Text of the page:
Hi, this is Jay P. Morgan. Today on The Slanted Lens we’re talking about Quality of Light in our next installment of The Laws of Light. If you haven’t, go back to the beginning and learn the basic Laws of Light, before you watch this video.
Quality of Light
Today on The Slanted Lens we’re talking about the quality of light. Light is what creates, defines, and gives us an image. The camera is not our tool- it only records. Light is our tool. We have to learn to create great imagery.
An artist can create simply by making a line. But when a photographer or videographer wants to create a line we need to do that by manipulating the light. If we want a shaded area we need to subtract or add light.
Now we’re at the next step in our lighting journey, and that is the quality of light. What qualities does light have on a human face? We either use the quality of light that’s already available or we create it ourselves. So it’s important that we understand what the quality of light is, what it looks like, and how we can create it.
Most of the objects we’ve looked at thus far in the Laws of Light series have been lit with a hard, or pinpoint source of light. The sun is the most common source of pinpoint light. The sun is a very small source of light because it’s so far away. If the sun got closer to us, and therefore bigger, it would become much softer.
You can tell when you have a pinpoint source of light because the shadows are harsh. The transition from light to dark is quick, and goes from highlight to a very deep shadow almost immediately. You can soften a pinpoint source of light by bouncing light back onto your subject, but the source is still hard and the transition still happens very quickly.
Thinking back to our first lesson on a sphere, you remember that we have a shadow side, a highlight side, the core, and the incident highlight. An incident highlight with a hard source of light is much smaller than it is with a softer source. Sometimes people photographed with a hard light will look shiny because that incident highlight is a lot more specular.
If we turn our light and bounce it off a card onto our model, it changes completely. We still have a shadow and highlight side, but the transition between the two takes longer and is much softer. If the specular highlight is there it’s much softer.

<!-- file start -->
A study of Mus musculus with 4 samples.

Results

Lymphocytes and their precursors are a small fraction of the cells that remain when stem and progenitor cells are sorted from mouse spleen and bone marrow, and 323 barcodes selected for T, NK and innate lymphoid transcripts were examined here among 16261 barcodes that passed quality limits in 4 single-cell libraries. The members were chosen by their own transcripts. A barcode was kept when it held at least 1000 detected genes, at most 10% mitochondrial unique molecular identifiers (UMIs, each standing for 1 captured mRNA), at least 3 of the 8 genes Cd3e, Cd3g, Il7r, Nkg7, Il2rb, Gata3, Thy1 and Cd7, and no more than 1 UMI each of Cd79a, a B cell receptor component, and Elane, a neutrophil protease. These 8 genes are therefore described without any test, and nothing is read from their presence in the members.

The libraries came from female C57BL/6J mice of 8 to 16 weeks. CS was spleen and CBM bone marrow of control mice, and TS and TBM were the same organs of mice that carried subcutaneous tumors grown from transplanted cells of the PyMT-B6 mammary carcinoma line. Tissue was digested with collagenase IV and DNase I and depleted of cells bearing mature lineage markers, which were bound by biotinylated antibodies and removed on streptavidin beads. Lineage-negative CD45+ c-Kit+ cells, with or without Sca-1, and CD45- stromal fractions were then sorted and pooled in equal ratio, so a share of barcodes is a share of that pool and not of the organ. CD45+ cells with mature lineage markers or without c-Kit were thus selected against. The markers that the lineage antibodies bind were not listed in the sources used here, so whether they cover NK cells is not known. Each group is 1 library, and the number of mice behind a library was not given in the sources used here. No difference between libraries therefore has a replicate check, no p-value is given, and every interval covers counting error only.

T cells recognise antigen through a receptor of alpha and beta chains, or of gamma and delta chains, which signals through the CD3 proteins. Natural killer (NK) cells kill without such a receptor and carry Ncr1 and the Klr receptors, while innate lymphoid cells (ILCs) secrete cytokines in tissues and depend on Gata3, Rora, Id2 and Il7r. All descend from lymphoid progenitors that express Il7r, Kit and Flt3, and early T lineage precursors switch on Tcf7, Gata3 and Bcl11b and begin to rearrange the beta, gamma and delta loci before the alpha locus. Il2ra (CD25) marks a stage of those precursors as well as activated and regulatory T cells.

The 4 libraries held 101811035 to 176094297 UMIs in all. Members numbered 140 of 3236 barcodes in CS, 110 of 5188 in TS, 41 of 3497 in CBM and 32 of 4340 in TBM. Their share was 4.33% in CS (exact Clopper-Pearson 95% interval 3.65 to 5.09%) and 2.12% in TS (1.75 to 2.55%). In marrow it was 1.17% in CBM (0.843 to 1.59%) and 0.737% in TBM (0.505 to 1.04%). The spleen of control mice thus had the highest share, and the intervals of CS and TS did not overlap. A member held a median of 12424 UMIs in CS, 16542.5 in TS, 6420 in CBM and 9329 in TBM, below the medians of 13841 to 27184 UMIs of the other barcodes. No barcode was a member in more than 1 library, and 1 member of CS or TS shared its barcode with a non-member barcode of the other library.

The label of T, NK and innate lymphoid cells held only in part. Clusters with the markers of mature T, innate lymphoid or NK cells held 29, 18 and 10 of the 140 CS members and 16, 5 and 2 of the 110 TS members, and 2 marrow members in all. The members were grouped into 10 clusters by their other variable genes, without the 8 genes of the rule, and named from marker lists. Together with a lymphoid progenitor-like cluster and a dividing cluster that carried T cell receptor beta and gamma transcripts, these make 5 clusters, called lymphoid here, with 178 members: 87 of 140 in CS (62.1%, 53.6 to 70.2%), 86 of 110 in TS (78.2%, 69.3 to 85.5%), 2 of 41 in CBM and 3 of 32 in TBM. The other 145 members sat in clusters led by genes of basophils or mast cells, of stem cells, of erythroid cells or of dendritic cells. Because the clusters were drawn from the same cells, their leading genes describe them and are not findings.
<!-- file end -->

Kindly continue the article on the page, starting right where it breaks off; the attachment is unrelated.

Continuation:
There’s a misconception about light. Even if you have a large source of light, it cannot wrap around your subject. The source has to be able to “see” your subject in order to light it. Having a source of light to bounce a hard light off of and onto your subject will help to soften it and add light to areas it didn’t reach before. But light can’t see around edges. It has to have some help.
Quality of Light and Emotion
The quality of your light also communicates emotion. A hard light is intimidating and strong. A soft light is inclusive and friendly. We’ll talk about that in a later lesson.
Sources of Light
Let’s identify different kinds of quality of light around us. We’ve talked about the sun. The moon is also a pinpoint source of light. If you were to expose correctly for it, it would give you very harsh shadows. Working in the shadows under a tree will diffuse the sun, and give you a soft light. The sun can’t look around the trees. However, if the sun is hitting something very reflecting, it will stay hard, because it’s bouncing off just that one source without any diffusion.
Generally speaking, hard light comes from a direct source, and soft light comes from a diffused source. Most light starts off as a direct source and is softened through reflection or diffusion. Start to look at the quality of light and think about what it can communicate about your subject. Stay tuned for next month’s Laws of Light lesson. Until then keep those cameras rollin’ and keep on clickin’.